Hazardous waste is generated at nearly every federal facility. Common hazardous wastes include waste paint, waste solvents, waste adhesives, waste solder, spill cleanup waste.
The first step in identifying whether or not you have hazardous waste is determining whether or not what is being generated is a "solid waste." Guidance on making that determination and associated exemptions can be found at HERE. Once the waste is identified as being a "solid waste," the next step is determining whether or not it is a hazardous waste. The process for making that determination, along with guidance on wastes specifically excluded from being classed as hazardous waste can be found HERE.
Clarification as to whether or not specific wastes are hazardous wastes has been issued for: byproducts; batteries; mercury-containing items; miscellaneous items such as aerosol cans, antifreeze, paint wastes, pesticide rinse water, pharmaceutical wastes, and used refrigerants; and petroleum wastes. Click HERE to view EPA's guidance on these issues.
The October 2016 revisions to the hazardous waste regulations placed an additional emphasis on facilities knowing what generator category they fell under.
What is a Hazardous Waste?
A step by step guide to determining if your waste is or is not a hazardous waste.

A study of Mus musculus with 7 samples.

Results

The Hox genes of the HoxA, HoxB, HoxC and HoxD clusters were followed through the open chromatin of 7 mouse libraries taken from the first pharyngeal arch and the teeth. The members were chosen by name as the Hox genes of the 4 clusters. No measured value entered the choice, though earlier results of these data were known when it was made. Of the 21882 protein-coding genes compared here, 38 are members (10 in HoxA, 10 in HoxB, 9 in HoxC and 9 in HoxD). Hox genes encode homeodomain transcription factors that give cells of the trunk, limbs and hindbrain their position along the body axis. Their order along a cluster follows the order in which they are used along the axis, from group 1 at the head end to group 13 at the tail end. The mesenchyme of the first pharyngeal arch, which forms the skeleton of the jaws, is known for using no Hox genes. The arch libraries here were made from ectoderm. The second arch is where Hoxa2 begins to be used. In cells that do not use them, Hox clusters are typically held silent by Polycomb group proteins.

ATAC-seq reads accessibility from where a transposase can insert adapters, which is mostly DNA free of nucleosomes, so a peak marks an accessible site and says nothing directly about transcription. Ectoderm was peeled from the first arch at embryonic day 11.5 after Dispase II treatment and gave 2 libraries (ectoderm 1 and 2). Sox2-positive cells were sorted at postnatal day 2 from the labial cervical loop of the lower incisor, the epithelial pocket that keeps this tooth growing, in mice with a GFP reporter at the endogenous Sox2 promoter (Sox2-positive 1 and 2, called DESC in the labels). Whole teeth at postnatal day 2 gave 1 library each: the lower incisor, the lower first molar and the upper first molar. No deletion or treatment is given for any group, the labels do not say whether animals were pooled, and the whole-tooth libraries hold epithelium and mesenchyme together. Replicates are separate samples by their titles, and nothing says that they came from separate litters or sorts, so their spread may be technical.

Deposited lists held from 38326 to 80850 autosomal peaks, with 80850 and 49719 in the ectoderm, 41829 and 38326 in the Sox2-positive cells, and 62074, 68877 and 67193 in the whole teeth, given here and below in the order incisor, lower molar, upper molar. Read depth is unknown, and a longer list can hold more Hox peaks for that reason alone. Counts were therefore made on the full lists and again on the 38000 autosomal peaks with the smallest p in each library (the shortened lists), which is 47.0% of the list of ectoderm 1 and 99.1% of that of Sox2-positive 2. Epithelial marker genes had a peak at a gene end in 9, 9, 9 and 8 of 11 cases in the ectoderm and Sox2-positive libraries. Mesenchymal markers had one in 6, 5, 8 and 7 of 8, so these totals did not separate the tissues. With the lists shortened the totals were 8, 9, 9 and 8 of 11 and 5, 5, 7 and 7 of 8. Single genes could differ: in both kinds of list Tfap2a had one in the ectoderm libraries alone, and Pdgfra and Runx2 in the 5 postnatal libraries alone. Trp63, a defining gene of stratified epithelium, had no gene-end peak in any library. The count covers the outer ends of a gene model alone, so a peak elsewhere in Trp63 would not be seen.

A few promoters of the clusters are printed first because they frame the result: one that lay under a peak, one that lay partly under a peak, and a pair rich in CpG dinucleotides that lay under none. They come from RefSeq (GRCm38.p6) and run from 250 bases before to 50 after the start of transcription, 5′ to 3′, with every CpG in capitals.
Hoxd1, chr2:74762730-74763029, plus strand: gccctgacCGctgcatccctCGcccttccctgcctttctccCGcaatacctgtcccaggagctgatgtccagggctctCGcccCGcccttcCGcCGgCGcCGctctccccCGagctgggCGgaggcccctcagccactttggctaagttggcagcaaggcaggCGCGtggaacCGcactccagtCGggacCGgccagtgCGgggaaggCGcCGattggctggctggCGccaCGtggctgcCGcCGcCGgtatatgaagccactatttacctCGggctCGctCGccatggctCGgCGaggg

Very Small Quantity Generator (VSQG)
A VSQG is defined as meeting the following:
Small Quantity Generator (SQG)
A SQG is defined as meeting the following:
- Facilities generate less than 1000 kg [2200 lb] of non-acute hazardous waste in one calendar month but greater than 100 kg [220 lbs] of non-acute hazardous waste in one calendar month.
- Onsite accumulation time does not exceed 180 days.
- Facilities generate less than or equal to 1 kg/mo [2.2 lb/mo] of acute hazardous waste is generated in one calendar month.
- Facilities generate less than or equal to 100 kilograms (220 lbs) of any residue or contaminated soil, water, or other debris resulting from the cleanup of a spill, into or on any land or water, of any acute hazardous waste in one calendar month.
- Total onsite accumulation does not exceed more than 6000 kg [approx. 13,227 lb].
If a facility exceeds any of the listed parameters, it must operate as a Large Quantity Generator.
Large Quantity Generator (LQG)
A LQG is defined as meeting the following:
With the October 2016 revision of the hazardous waste generator regulations EPA has acknowledged that, from time to time, events happen which cause a generator of hazardous waste to exceed their generation/storage thresholds.
A classification whereby waste batteries, waste excess pesticides, waste fluorescent tubes, and waste mercury-containing equipment do not have to be disposed of as hazardous waste.
A classification of certain waste streams whereby waste batteries, waste excess pesticides, waste fluorescent tubes, and waste mercury-containing equipment do not have to be disposed of as hazardous waste.